The Orchid Show: Orchidelirium opens February 27 at
The New York Botanical Garden
I’m passionate about plants and gardens. In plants lies the salvation of the world. As a recent campaign by the United States Botanic Garden pointed out, “Plants are not optional.”
I talk a lot about “plant blindness”—our amazing capacity to walk right past what makes our existence possible. I talk a lot about the relevance and importance of botanical and other public gardens to our daily lives. I talk a lot about plants.
Now we’ve got an opportunity to SHOW rather then tell, and it couldn’t be better timed. The New York Botanical Garden orchid show opens tomorrow and runs until April 17th—and you should run to see it. Leave the world-weary, winter-weary city grind behind and head for the garden.
Marc Hachadourian gets it. NYBG’s orchid expert is fond of calling orchids the “pandas of the plant world.” They excite attention, awe, and interest—inspiring sometimes extreme passions. It is our relationship with the orchid family that NYBG plumbs with its 14th edition of its show, The Orchid Show: Orchidelirium.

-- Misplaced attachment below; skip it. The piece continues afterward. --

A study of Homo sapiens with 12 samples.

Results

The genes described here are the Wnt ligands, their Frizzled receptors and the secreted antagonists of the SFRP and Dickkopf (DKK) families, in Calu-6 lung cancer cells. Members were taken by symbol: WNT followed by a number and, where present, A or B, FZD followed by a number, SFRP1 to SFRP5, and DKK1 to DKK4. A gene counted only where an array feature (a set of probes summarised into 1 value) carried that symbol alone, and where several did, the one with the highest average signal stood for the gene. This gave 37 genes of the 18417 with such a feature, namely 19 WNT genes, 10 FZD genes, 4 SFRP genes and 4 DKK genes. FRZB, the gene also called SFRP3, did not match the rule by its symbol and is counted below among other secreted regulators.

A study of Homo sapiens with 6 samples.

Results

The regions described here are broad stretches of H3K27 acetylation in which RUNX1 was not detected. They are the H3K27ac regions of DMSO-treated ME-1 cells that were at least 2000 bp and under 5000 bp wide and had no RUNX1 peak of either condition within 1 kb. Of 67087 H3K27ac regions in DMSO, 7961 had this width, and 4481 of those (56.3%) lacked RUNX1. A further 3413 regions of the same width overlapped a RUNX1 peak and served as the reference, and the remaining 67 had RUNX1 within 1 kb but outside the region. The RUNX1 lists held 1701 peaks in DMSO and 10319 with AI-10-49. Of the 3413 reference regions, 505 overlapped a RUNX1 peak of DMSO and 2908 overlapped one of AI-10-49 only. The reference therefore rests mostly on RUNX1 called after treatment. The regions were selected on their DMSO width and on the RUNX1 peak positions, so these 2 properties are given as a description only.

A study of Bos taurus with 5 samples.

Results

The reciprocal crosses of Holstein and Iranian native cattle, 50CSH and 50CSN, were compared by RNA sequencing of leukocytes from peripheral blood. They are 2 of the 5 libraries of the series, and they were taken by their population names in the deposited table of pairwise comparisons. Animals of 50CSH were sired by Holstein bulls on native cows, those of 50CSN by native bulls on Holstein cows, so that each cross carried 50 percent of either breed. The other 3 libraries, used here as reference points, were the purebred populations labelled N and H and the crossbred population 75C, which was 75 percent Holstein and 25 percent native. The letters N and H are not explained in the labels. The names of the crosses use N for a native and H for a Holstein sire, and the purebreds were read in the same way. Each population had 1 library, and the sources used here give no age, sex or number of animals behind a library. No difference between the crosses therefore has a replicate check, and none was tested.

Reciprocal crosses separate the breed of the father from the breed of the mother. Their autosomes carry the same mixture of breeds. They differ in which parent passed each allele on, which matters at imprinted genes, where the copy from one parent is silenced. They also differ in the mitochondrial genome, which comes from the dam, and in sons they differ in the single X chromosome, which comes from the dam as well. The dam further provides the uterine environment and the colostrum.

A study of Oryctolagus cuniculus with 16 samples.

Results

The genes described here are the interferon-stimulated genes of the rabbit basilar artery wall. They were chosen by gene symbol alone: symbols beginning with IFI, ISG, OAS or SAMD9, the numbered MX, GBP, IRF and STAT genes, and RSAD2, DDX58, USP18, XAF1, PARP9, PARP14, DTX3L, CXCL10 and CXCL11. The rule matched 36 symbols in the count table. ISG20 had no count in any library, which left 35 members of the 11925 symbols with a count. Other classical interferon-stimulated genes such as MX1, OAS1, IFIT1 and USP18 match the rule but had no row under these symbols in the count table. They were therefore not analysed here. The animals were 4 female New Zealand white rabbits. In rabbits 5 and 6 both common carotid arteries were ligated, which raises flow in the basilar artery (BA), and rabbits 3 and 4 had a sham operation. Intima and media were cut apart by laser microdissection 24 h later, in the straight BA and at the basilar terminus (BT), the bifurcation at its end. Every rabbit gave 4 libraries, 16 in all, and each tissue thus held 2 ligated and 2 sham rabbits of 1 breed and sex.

On the occasion of NYBG’s historic 125th anniversary, the garden looks back and celebrates the colorful (both bright AND dark, sometimes sordid) history of the orchid’s long march into our homes; first as precious, coddled rarities, and now as pot plants available at any grocery store.
Thousands of blooming plants are packed into the Enid A. Haupt Conservatory in an exhibit planned, designed, executed and interpreted by staff. Starting over a year ago with a concept and months of planning, the show took over two weeks of intense effort to install by an interdepartmental team.
Designed by NYBG’s Christian Primeau, the show promenades through the conservatory’s galleries—with plants incorporated into the permanent collections—and culminates in a splashy display guaranteed to take the chill out of winter.
This brings us full circle to the proof of the critical importance of plants and gardens to human well-being. I propose that ‘seasonal affective disorder’ (SAD) is not simply a climate related phenomenon. My theory is that SAD comes as much from lack of contact with plants and flowers as from the dreary gray of winter weather. While it may not make you delirious, The Orchid Show: Orchidelirium will certainly take the edge off SAD, drop the scales from your eyes, and reaffirm the importance and relevance of having places to go to see such spectacles. I dare you not to feel better after your visit….
The New York Botanical Garden, Bronx, NY; show dates: February 27-April 17, 2016; visit www.nybg.org for ticket information and times.